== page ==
Interest Offset Accounts
If you have cash invested and earning say 2%, on which tax is payable, and you also have a home loan incurring interest at say 6%, on which no tax deduction is claimed, use of an interest offset account will improve the return on the cash and also save you tax. As an example a $10,000 balance in an offset account could generate an annual saving as high as $493 or 4.93%. Whilst charges will apply for such accounts, why not consider making your cash work harder for you.
If you have an interest deductible loan, such as a loan for a rental property, interest offset accounts can provide a significant advantage where you have personal savings that you would otherwise apply against the loan. Savings for home improvements, a holiday, a new car, helping hand to children etc, when applied against your deductible loan will result in the ATO treating the deductible loan balance as being paid down to that lower value and prevent that component from ever being brought back to the original level. Should you later redraw the funds the character of this later loan will not satisfy the test for tax deductibility. This is because the ATO will only allow a claim if the principal was borrowed for income producing purposes. Drawing funds for personal expenditure or a private asset would not satisfy this test. As an example if a deductible loan of $100,000 is repaid to the extent of $20,000, which is later drawn back for private expenditure, the future debt will from them on only give rise to tax deductible interest to the extent of 80%.
To avoid these issues, interest offset loans can be very effective. Please call if you have any questions or need assistance with finance.
Finding The Right Balance With Team Members
Employers need to be mindful of boundaries with their employees. Employers should be encouraging respect between colleagues, but at the same time, acknowledge different tendencies exist amongst people. Some people crave to be liked and enjoy the social side of working. Others don't see it that way, it's not part of their priority, they want to focus on the challenges and things that are stimulating. Employers need to be aware of these differences and, at the same time, be conversant with the employment laws. Employers need to find the right balance between being professional and friendly. This goes to the heart of business and the management style employed by an employer.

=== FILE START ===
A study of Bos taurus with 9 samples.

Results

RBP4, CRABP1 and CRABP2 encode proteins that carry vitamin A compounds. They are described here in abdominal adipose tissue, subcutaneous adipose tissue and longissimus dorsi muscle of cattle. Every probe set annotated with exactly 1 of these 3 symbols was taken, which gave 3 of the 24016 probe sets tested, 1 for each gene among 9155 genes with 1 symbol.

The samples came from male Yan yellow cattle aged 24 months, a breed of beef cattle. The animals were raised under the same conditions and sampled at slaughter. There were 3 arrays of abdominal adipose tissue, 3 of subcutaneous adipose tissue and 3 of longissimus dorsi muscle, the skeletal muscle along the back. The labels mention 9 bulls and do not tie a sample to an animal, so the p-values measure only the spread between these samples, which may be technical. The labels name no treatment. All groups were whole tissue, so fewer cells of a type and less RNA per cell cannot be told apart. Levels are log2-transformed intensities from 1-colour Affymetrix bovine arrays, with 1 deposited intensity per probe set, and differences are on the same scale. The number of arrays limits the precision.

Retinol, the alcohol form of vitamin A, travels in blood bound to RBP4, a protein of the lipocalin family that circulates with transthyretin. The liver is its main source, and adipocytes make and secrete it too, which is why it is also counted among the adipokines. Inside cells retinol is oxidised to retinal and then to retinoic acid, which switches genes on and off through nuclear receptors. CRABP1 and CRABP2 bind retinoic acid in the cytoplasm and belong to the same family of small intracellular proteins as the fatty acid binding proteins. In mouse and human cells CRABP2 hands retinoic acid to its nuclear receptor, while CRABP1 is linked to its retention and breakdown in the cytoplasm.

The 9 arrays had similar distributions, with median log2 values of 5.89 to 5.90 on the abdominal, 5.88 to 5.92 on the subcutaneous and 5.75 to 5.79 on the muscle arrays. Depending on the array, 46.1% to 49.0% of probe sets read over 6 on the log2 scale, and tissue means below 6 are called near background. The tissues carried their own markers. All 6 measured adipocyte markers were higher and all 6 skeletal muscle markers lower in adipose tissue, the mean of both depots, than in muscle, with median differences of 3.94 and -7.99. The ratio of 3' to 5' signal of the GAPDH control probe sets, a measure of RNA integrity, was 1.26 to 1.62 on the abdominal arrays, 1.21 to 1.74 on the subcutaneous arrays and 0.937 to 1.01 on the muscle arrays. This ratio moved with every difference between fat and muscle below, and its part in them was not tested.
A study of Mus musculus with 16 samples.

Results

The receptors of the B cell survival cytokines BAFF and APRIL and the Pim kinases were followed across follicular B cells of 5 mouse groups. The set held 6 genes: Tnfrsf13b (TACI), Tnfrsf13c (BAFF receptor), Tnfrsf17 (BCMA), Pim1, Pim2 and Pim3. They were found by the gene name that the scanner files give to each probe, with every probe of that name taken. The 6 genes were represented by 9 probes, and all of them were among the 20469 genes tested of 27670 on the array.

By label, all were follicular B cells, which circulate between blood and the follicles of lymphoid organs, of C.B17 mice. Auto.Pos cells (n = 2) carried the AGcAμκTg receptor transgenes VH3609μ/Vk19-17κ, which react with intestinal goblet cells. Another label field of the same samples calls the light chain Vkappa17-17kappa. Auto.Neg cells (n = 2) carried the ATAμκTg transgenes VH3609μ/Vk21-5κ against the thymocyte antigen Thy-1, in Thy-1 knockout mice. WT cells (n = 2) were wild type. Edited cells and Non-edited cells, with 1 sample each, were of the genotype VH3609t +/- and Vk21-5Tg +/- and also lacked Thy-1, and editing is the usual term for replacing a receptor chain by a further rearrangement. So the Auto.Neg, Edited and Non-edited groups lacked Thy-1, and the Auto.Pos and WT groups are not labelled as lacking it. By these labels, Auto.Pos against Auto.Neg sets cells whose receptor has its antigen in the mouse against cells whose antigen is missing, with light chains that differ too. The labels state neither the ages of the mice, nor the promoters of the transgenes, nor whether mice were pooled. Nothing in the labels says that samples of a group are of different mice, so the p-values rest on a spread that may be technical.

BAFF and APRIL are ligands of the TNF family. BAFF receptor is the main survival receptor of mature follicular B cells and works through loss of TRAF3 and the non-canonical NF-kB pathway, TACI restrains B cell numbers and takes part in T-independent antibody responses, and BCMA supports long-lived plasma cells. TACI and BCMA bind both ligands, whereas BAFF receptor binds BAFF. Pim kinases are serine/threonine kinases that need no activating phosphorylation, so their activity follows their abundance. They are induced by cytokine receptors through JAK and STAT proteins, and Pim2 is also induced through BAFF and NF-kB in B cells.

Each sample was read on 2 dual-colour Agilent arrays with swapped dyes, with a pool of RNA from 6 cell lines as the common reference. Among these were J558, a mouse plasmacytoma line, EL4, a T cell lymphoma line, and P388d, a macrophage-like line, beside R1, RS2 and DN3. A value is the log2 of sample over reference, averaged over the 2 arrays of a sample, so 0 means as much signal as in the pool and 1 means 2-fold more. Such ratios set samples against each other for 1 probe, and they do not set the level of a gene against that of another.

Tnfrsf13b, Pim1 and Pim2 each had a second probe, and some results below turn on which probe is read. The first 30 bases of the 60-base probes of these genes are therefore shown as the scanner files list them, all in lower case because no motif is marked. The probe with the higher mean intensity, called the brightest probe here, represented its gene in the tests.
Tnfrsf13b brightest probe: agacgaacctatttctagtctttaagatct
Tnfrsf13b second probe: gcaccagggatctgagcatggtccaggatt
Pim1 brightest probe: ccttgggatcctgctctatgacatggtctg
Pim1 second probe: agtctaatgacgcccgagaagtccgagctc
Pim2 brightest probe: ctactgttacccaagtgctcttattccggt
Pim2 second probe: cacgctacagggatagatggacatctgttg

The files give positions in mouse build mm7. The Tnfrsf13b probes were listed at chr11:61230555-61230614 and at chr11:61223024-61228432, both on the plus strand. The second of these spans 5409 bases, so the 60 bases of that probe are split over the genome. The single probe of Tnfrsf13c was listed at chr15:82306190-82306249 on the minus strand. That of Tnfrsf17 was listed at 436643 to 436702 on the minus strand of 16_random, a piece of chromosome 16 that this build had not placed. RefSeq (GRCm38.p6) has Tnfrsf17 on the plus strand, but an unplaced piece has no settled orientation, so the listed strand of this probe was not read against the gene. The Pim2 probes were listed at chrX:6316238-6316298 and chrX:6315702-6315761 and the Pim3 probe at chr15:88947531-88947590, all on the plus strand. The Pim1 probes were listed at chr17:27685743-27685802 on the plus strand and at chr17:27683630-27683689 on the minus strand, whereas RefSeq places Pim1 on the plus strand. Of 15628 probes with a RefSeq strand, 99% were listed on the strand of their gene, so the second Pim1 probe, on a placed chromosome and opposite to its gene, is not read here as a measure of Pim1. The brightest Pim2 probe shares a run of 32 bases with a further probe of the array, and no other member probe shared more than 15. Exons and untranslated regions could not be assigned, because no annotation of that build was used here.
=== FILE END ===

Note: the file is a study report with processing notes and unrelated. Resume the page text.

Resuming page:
When someone joins an organisation, it is a good idea to have a conversation with the new team member, with at least another team member present, to explain to the new team member the job and what is expected from their performance. This will also enable the employer to hear the expectations from the new team member (eg. what do they want from the job). The employer should also explain what is acceptable behaviour and what is the culture of the business.
The process that the business has instigated for the raising of complaints and issues, should also be explained to the new team member. The internal process, which relates to performance reviews, should also be explained to the new team member, so that there is no misunderstanding of the reasons for performance reviews.
Employers should be conscious of the employment rules, as ignorance is no excuse.